As CDC Says 'Do Not Go to Work,' Trump Says Thousands With Coronavirus Could Go to Work and Get Better
By Jake Johnson
Running roughshod over the advice of trained medical professionals and the Centers for Disease Control and Prevention, President Donald Trump Wednesday night suggested to millions of Fox News viewers that people infected with coronavirus could still go to work and recover, comments that were immediately condemned as irresponsible and dangerous.
"A lot of people will have this and it's very mild. They'll get better very rapidly," Trump told Fox's Sean Hannity. "They don't even see a doctor, they don't even call a doctor. You never hear about those people."
"So you can't put them down in the category of the overall population in terms of this corona flu and/or virus," Trump continued. "So you just can't do that. So, if, you know, we have thousands or hundreds of thousands of people that get better just by, you know, sitting around and even going to work. Some of them go to work, but they get better."
The CDC has advised that anyone exhibiting symptoms of coronavirus such as a fever, coughing, and/or shortness of breath stay home from work, avoid public areas as much as possible, and seek medical attention.
"You should restrict activities outside your home, except for getting medical care," the CDC's website states. "Do not go to work, school, or public areas. Avoid using public transportation, ride-sharing, or taxis."
Trump also claimed in the interview with Hannity that the World Health Organization's (WHO) estimate of a 3.4% global death rate from coronavirus is a "false number."
"This is just my hunch," the president said.
In this clip, Trump: 1. Denies WHO's coronavirus death rate based on “hunch" 2. Calls coronavirus "corona flu" 3. S… https://t.co/mkSwCySBr0— Aaron Rupar (@Aaron Rupar)1583380089.0
"These are really dangerous lies," tweeted The Nation's Jeet Heer.
"Trump has had briefings from the nation's best doctors and scientists on COVID-19 and he still spouts total, dangerous bullshit," added climate scientist Peter Gleick.
Trump's remarks came just hours after California Gov. Gavin Newsom declared a statewide emergency following the death of a 71-year-old man, the first U.S. coronavirus fatality reported outside of Washington state.
"This is not something that I say hyperbolically," Newsom said of the emergency declaration during a press conference Wednesday. "The proclamation is to serve to help advance our resources."
LATEST: Gov. Gavin Newsom declared a state of emergency after announcing California had 53 confirmed cases of novel… https://t.co/f17kNyu699— ABC News (@ABC News)1583372288.0
As Trump and other White House officials have attempted to downplay the severity of the outbreak and hurled accusations of fearmongering — the president said at a rally last week that Democrats' criticism of his handling of the health crisis is a "new hoax" — coronavirus has spread to at least 15 states in the U.S. and killed 11 people.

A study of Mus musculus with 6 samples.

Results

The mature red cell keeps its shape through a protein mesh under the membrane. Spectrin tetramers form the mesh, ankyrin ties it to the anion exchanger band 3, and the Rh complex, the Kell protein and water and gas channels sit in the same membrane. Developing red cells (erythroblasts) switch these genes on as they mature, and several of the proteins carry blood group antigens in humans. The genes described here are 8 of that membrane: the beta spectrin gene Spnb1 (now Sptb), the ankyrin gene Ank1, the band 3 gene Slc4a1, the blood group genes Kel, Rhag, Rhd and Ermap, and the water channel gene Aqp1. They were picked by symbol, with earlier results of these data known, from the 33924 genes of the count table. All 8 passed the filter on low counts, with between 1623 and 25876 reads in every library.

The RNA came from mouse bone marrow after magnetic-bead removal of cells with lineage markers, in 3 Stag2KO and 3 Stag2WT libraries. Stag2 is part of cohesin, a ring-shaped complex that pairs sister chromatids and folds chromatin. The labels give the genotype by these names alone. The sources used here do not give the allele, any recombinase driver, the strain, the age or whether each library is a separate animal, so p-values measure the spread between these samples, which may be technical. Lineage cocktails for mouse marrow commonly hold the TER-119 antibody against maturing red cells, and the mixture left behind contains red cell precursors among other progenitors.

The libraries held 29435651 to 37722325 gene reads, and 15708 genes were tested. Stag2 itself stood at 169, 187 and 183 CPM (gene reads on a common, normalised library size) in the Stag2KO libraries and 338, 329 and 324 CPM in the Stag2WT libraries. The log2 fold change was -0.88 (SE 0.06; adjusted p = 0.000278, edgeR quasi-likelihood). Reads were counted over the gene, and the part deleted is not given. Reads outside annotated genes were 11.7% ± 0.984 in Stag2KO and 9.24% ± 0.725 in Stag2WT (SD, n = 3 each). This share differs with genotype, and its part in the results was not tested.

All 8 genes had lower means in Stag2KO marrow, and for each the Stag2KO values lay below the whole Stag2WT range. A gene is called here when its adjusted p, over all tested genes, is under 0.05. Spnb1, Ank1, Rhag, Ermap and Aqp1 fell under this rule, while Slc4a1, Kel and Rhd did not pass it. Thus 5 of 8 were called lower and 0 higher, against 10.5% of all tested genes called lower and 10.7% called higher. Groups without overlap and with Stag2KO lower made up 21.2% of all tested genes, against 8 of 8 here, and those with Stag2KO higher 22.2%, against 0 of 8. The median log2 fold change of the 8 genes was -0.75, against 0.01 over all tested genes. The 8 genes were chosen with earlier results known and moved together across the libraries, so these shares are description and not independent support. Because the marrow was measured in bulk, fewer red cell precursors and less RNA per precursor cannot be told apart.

"The death rate so far—which includes more than 3,000 deaths [globally]—is many times higher than the mortality rate of the seasonal flu, which is 0.1%," the Los Angeles Times reported Wednesday. "WHO Director-General Tedros Adhanom Ghebreyesus said that is at least partly because COVID-19 is a new disease, and no one has built up an immunity to it."
Reposted with permission from Common Dreams.
High winds, gusting up to 80- to 90 miles per hour in some parts of the state, are expected to last through Wednesday evening. Nearly the entire state has been in a drought for months, according to the U.S. Drought Monitor, which, alongside summerlike temperatures, has left vegetation dry and flammable.
Utilities Southern California Edison and PG&E, which serves the central and northern portions of the state, warned it may preemptively shut off power to hundreds of thousands of customers to reduce the risk of electrical fires sparked by trees and branches falling on live power lines. The rare January fire conditions come on the heels of the worst wildfire season ever recorded in California, as climate change exacerbates the factors causing fires to be more frequent and severe.
California is also experiencing the most severe surge of COVID-19 cases since the beginning of the pandemic, with hospitals and ICUs over capacity and a stay-at-home order in place. Wildfire smoke can increase the risk of adverse health effects due to COVID, and evacuations forcing people to crowd into shelters could further spread the virus.
As reported by AccuWeather:
In the atmosphere, air flows from high to low pressure. The setup into Wednesday is like having two giant atmospheric fans working as a team with one pulling and the other pushing the air in the same direction.
Normally, mountains to the north and east of Los Angeles would protect the downtown which sits in a basin. However, with the assistance of the offshore storm, there will be areas of gusty winds even in the L.A. Basin. The winds may get strong enough in parts of the basin to break tree limbs and lead to sporadic power outages and sparks that could ignite fires.
"Typically, Santa Ana winds stay out of downtown Los Angeles and the L.A. Basin, but this time, conditions may set up just right to bring 30- to 40-mph wind gusts even in those typically calm condition areas," said AccuWeather Senior Meteorologist Mike Doll.
As the COVID-19 pandemic continues to keep most of Europe on pause, the EU aims for a breakthrough in its space program. The continent is seeking more than just a self-sufficient space industry competitive with China and the U.S.; the industry must also fit into the European Green Deal.
European satellites continue to provide data on climate change.